As we know, Virtual Reality requires developers to dig deep and invent new game concepts, and Ubisoft has already presented an interesting title in the shape of the quite good Eagle Flight. With Werewolves Within, they go a step further and translate a well known game into the virtual space.
The original is known under the title Werewolf, which is based on the card game Mafia. In the game, people sit in a circle, and at the beginning of each round everyone is randomly assigned a role. At the centre are the human villagers, as well as one or more werewolves in human form. There are some other roles, such as saints or hunters, who all have specific abilities, but also have their own objectives. In conversation with one another, the players must figure out who belongs to which group, in order to reach a conclusion as to who needs to be killed in the final vote, and reach their own respective goal. It's a social game, one that you could easily play outside of the world of video games.
Since it's all about communication, conversation tactics, and ice cold lies, naturally the game doesn't provide any AI players. All participants must be real people, and if the game doesn't have at least five people, it's impossible to play. This can of course be an issue, because VR is, as a medium, still not very widespread. Thankfully, Ubisoft does its part to help matters as users of PlayStation VR, HTC Vive, and Oculus Rift can play together without issue.
Technically this works pretty well, and the players find themselves in a fantasy location around a campfire setting, the design reminding us somewhat of the Fable series. At the beginning everyone gets assigned their role, and with the help of a thick book which can be viewed at any time, you can see what responsibilities come along with it. Thanks to head tracking, the real movement of the player is transferred as much as possible into the virtual world, and players can even stand up if they want to argue passionately or lean towards their teammates to say something quietly, and as a result only the person you're leaning towards can hear what you say, an inspired feature that, of course, awakens suspicion amongst the other participants.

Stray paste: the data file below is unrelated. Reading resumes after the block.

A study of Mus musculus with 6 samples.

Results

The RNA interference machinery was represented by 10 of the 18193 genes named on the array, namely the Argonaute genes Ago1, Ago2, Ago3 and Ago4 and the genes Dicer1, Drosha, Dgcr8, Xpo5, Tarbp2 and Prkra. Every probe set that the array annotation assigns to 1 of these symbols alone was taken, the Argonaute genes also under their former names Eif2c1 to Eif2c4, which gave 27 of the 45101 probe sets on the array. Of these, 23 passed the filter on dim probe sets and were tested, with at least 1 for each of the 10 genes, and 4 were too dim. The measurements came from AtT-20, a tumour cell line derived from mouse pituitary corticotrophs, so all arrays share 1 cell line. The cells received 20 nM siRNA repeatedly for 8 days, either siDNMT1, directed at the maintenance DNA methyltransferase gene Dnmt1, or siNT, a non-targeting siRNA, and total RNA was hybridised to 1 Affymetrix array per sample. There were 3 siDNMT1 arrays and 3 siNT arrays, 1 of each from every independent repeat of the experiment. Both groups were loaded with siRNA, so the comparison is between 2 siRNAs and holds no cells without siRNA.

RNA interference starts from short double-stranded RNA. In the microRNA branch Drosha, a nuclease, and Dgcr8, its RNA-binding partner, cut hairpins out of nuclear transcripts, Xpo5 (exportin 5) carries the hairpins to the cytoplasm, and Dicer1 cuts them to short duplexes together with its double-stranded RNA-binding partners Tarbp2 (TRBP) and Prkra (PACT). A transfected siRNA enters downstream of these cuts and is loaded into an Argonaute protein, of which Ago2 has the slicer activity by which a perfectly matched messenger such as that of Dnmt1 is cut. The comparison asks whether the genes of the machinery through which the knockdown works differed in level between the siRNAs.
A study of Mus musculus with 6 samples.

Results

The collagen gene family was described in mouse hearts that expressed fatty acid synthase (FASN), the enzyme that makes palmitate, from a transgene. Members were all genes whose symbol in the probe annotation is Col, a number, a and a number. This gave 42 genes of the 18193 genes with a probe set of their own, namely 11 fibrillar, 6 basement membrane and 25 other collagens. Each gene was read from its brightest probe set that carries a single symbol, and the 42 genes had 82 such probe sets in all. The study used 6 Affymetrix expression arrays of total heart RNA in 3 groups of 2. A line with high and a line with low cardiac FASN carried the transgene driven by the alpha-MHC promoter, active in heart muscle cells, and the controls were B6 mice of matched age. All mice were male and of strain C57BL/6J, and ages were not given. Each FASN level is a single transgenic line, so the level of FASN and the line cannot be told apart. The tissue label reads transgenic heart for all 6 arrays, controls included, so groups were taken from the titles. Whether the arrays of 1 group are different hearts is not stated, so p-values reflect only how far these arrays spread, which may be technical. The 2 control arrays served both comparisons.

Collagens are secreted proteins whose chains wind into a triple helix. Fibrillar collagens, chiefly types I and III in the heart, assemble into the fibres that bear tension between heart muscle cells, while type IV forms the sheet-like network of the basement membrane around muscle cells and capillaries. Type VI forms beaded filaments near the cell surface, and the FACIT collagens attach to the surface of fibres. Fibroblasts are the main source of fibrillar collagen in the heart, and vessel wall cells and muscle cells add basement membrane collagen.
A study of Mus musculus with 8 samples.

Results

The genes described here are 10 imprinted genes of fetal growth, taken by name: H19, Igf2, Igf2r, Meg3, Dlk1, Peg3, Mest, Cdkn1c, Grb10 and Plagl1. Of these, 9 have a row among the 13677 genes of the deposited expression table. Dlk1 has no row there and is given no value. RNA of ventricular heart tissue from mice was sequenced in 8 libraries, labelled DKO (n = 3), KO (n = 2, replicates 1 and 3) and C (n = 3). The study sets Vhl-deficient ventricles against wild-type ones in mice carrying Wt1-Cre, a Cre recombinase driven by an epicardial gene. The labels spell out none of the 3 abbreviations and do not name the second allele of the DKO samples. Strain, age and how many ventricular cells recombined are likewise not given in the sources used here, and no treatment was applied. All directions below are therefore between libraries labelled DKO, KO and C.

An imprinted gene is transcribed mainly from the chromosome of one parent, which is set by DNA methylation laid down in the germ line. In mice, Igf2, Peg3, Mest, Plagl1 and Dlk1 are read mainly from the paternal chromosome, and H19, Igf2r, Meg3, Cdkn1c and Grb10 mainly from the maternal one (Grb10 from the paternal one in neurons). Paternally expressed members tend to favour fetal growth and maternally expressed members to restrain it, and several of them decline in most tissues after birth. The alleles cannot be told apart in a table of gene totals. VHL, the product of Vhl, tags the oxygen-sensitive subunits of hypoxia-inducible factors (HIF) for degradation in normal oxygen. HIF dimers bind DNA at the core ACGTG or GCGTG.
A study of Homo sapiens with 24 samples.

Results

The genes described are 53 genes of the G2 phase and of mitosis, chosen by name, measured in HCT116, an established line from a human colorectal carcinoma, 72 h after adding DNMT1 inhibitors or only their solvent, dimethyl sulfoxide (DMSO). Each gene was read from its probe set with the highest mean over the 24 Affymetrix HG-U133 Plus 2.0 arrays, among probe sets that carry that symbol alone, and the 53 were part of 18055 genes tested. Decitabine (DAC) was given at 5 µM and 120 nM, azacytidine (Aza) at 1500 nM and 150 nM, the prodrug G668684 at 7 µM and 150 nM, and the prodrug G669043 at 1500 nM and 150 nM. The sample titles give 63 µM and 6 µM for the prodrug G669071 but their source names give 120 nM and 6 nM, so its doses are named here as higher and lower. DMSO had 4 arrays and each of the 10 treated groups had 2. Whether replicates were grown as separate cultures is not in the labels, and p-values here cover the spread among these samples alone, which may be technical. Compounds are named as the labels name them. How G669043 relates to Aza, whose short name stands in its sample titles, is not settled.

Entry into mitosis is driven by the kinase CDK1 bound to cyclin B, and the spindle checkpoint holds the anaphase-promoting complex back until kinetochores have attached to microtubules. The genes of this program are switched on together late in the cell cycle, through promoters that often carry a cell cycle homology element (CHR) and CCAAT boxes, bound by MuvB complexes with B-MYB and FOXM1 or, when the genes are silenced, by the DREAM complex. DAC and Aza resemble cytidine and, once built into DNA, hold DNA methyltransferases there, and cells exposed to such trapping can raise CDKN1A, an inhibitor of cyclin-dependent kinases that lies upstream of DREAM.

Werewolves Within is very much concerned with psychology, which can take quite nerve-wracking dimensions, as with any good thriller. In contrast to the "offline" game with friends at a table, the anonymity, the virtual avatar, and the possibility to play with complete strangers online creates a quite unique brand of tension. Nevertheless, this is also the main problem we had with the game, because if not enough teammates come together or fail to communicate, the situation becomes not only peculiar but also no fun at all.
As with any other online game, the quality of experience with the other players depends on the language barrier too. In this case, good to excellent English skills are mandatory. Technically, and in terms of content, it certainly delivers, and the experience it offers is extremely immersive. However, in the end, there's still one thing that bugs us: there is no progression. Of course, one's own experience of how best to act in the game with the individual roles increases, but experience points and levels are nowhere to be found and would have added something.
The bottom line is this game is perfect for those who want to dive into the lies of the dark forest with some friends, or even strangers for that matter. For others, the concept is possibly too far removed from a traditional gaming approach, and with the added difficulty of finding other players that make for a good experience, this may just prove too tiresome and frustrating for some.